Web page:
A single clementine provides about half the recommended daily amount of vitamin C for women and about one-third of the recommended daily amount for men. Vitamin C is a well-known antioxidant that comes in handy during the cold and flu season. Studies have shown that vitamin C can reduce the duration and severity of a cold, but doesn't appear to stop a cold from developing.
Large doses of vitamin C have been associated with prevention of major killers like heart disease, cancer and Alzheimer's disease because of its ability to fight damage from free radicals. Linus Pauling first described the link between intake of vitamin C and disease resistance in the early 1970s. While just 10 milligrams a day prevents scurvy, Pauling wanted to know how much vitamin C we should eat for optimal health.
The daily recommendation for vitamin C has been increased to 90 milligrams for men and 75 milligrams for women. Smokers need an additional 35 milligrams per day to counteract the damage from cigarette toxins. Consuming more than two grams of vitamin C - the established upper limit - can be detrimental to one's health.
This table provides the nutrition information for one raw Clementine, which counts as one serving of fruit in your daily 8-10 servings of vegetables and fruits.
|Vitamin C||36 mg|
|Folic acid||18 mcg|
Technically, clementines are a cross between mandarins (Citrus reticulata) and Seville oranges (Citrus auratium). They're closely related to lemons, pummelos and tangerines.
There are 16 species of the California clementine, each being slightly different in taste and size. The pixie variety has the thickest skin, making it the easier to peel, while the encore clementine is larger with a thinner skin.
Clementines are also grown in Europe, North Africa, Israel and Japan. In these countries, clementines are not always distinguished from other varieties of mandarins. For instance, the German word for clementine is "Mandarine".
In North America, the clementine season runs from mid-November through January. Clementines are often sold in pre-packaged mesh bags or boxes. If you are able to sort through loose clementines, select those that are firm and heavy for their size. Clementines that are fragrant with rich color and thick skins will be easy to peel and delicious!
The skin of a ripe, juicy Clementine will feel loose on the fruit and should have no brown spots or wrinkles. Green areas on the skin aren't a sign of poor flavor - it just means the fruit isn't ripe yet but can be stored until it's ready to be enjoyed.
Clementines should be stored in a cool, well-ventilated area. The ideal storage temperature for all citrus fruits about 7 or 8 degrees Celcius. They can stay at room temperature for up to one week. If refrigerated, they will keep for up to two weeks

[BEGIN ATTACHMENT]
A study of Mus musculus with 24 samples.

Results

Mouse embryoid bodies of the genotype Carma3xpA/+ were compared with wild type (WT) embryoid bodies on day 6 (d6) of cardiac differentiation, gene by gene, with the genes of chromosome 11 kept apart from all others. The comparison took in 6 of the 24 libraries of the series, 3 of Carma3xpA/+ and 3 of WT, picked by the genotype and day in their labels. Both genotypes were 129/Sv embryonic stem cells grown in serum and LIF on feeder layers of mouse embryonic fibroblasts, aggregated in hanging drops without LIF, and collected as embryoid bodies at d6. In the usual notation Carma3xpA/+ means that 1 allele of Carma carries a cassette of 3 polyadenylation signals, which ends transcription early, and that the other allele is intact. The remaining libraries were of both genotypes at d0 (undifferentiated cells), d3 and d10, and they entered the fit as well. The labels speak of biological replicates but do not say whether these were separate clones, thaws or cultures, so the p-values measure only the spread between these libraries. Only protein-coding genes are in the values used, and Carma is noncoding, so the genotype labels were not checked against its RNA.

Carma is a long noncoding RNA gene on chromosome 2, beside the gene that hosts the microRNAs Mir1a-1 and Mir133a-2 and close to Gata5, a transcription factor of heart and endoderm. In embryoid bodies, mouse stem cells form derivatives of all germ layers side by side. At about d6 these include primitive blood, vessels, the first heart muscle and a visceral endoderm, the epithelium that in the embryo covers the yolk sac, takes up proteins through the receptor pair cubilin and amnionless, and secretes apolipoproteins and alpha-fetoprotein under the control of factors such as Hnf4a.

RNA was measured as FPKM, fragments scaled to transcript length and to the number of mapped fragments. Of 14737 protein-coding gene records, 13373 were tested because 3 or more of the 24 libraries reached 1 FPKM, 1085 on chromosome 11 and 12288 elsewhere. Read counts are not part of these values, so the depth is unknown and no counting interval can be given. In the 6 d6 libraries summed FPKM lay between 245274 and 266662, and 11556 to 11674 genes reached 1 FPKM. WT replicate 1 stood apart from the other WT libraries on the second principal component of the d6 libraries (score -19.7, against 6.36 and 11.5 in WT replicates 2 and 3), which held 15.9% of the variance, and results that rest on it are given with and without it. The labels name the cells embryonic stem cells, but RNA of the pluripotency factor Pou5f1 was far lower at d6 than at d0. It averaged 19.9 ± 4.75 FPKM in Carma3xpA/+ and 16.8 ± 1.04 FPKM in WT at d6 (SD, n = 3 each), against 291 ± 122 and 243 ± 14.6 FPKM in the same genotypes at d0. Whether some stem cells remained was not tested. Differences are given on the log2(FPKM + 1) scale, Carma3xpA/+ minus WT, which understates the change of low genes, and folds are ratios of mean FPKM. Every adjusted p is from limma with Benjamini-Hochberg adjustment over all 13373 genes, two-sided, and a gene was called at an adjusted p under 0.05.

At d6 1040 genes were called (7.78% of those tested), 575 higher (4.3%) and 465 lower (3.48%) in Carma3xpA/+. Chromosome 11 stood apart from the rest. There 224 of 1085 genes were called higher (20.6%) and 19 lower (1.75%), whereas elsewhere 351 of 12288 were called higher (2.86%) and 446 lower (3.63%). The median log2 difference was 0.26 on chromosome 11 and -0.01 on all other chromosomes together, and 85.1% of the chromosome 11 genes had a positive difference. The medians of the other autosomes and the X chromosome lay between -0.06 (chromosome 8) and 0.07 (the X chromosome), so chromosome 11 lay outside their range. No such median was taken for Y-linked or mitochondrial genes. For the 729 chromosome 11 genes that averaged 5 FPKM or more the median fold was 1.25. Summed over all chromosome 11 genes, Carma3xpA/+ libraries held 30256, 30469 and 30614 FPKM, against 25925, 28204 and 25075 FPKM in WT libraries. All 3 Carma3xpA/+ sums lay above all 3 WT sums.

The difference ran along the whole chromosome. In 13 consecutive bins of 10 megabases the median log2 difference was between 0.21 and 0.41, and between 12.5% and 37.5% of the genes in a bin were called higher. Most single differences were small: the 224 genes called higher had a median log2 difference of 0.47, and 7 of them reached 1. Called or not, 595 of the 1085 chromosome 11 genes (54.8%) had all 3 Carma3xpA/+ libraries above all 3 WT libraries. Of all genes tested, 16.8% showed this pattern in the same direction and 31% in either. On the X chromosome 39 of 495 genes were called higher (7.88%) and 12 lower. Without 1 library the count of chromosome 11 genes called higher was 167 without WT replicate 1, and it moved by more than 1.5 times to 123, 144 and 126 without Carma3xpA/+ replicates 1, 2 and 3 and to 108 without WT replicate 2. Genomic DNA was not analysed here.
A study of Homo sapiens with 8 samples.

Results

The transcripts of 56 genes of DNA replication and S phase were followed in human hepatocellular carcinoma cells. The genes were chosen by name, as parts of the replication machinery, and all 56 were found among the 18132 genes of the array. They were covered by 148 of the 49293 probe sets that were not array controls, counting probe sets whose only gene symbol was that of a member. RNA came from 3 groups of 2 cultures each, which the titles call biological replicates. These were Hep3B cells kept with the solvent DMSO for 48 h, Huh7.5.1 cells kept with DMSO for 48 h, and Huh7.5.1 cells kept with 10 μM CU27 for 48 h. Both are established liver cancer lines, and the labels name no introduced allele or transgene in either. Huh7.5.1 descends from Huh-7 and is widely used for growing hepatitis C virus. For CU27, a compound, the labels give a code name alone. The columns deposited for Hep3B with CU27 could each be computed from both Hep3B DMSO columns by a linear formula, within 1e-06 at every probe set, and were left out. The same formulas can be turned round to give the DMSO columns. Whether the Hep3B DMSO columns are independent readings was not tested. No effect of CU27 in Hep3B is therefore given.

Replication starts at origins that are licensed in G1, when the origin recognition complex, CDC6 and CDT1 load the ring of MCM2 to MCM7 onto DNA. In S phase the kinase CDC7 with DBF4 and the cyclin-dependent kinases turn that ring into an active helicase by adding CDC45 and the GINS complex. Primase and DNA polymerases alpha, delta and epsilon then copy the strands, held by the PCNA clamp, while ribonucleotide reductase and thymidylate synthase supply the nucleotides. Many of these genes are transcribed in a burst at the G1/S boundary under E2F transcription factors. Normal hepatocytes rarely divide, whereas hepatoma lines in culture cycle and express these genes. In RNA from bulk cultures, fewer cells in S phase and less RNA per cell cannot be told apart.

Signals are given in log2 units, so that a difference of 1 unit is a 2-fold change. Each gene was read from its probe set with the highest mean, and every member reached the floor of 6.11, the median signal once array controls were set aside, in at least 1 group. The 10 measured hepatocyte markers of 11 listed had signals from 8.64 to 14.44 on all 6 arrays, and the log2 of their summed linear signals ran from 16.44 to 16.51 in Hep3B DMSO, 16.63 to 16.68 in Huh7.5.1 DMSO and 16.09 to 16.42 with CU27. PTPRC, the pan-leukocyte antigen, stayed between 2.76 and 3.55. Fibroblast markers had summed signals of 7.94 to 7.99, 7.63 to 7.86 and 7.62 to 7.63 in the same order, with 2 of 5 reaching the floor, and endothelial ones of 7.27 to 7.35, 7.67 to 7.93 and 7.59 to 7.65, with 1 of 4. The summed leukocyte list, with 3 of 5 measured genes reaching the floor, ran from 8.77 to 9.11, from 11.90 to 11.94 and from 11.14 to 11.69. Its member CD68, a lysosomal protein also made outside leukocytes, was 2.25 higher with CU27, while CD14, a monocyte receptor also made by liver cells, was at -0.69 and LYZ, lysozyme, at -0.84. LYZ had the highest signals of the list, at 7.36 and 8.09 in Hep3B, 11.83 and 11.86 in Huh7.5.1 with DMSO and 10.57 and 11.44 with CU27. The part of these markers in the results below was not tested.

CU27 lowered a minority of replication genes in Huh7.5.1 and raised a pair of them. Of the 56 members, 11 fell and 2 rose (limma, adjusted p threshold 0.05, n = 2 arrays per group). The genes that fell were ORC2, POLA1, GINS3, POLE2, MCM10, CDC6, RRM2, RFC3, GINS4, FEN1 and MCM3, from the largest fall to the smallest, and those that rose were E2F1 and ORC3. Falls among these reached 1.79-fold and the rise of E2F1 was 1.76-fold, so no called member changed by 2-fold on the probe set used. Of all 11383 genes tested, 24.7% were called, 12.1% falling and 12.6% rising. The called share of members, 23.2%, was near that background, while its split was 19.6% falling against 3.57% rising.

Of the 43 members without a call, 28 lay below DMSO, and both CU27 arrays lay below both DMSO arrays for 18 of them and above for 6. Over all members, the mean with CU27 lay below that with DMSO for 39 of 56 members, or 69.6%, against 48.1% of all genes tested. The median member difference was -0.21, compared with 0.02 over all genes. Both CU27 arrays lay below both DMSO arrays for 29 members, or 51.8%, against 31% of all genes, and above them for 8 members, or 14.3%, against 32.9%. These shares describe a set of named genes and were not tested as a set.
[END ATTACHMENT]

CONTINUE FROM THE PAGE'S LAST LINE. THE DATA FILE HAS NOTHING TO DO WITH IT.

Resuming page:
Clementines are sometimes called "zipper oranges" because they're so easy to peel. Peeling is the only "preparation" you need to enjoy this healthy, grab-and-go fruit.
For clementine juice, slice several clementines in half, remove any seeds and then apply the fruit to a juicer. Using an electric citrus fruit juicer will give you more juice than a manual juicer. To get fresh juice from one clementine, simply stick a fork in it and squeeze without removing the fork.
Clementines can be enjoyed fresh, canned, frozen or juiced. Unlike other citrus fruits, the zest of a clementine is very bitter and should not be used in cooking.
Healthy Ways to Enjoy
Make a fruit salad with clementines, blueberries, black berries and strawberries.
Add a few segments to your yogurt.
Garnish a bowl of cold cereal with clementines.
Try switching your morning OJ to clementine juice, it's sweeter.
Make a smoothie of with two clementines, a banana and silken soy.
Alternate layers of low-fat granola, yogurt and clementines for a delicious parfait.
Toss Clementine slices into a spinach salad to boost iron absorption.
Try a squeeze of fresh Clementine juice, balsamic vinegar and olive oil for a salad dressing.
Garnish a ready-made wild rice or bean salad with chopped clementine. Serve chilled.
Mix clementine juice into sauces for a sweet and tangy twist.
Add a diced clementine to your cranberry sauce for a festive twist.
Chop half a clementine into salad dressings, salsas and relishes.
Toss clementine slices into any salad to add color, sweetness and extra nutrition.
Squeeze clementine juice onto fresh fish, in place of lemon juice.
Snacks and Dessert
Grab a clementine and a few nuts for a nutritious snack on the run.
Add a few slices of clementine to a store-bought fruit salad.
Treat yourself to a slice of Clementine Christmas Cake.
Incorporate clementine juice into your favorite cocktail or add as a garnish to your drink.
Freeze clementine segments that have been dipped in dark chocolate for a fancy treat.
Did you know?
There are 14 segments in a clementine.
The original fresh mandarin has bright green skin with orange flesh.
Tradition tells us that clementines were accidentally created in 1902 by Father Clement Rodier in his garden in Algeria. However, other earlier accounts of similar citrus fruits have come from China, Japan, Germany and California. The sweet, juicy California clementine is affectionately known as the "Christmas Orange" because they're available from mid-November through January.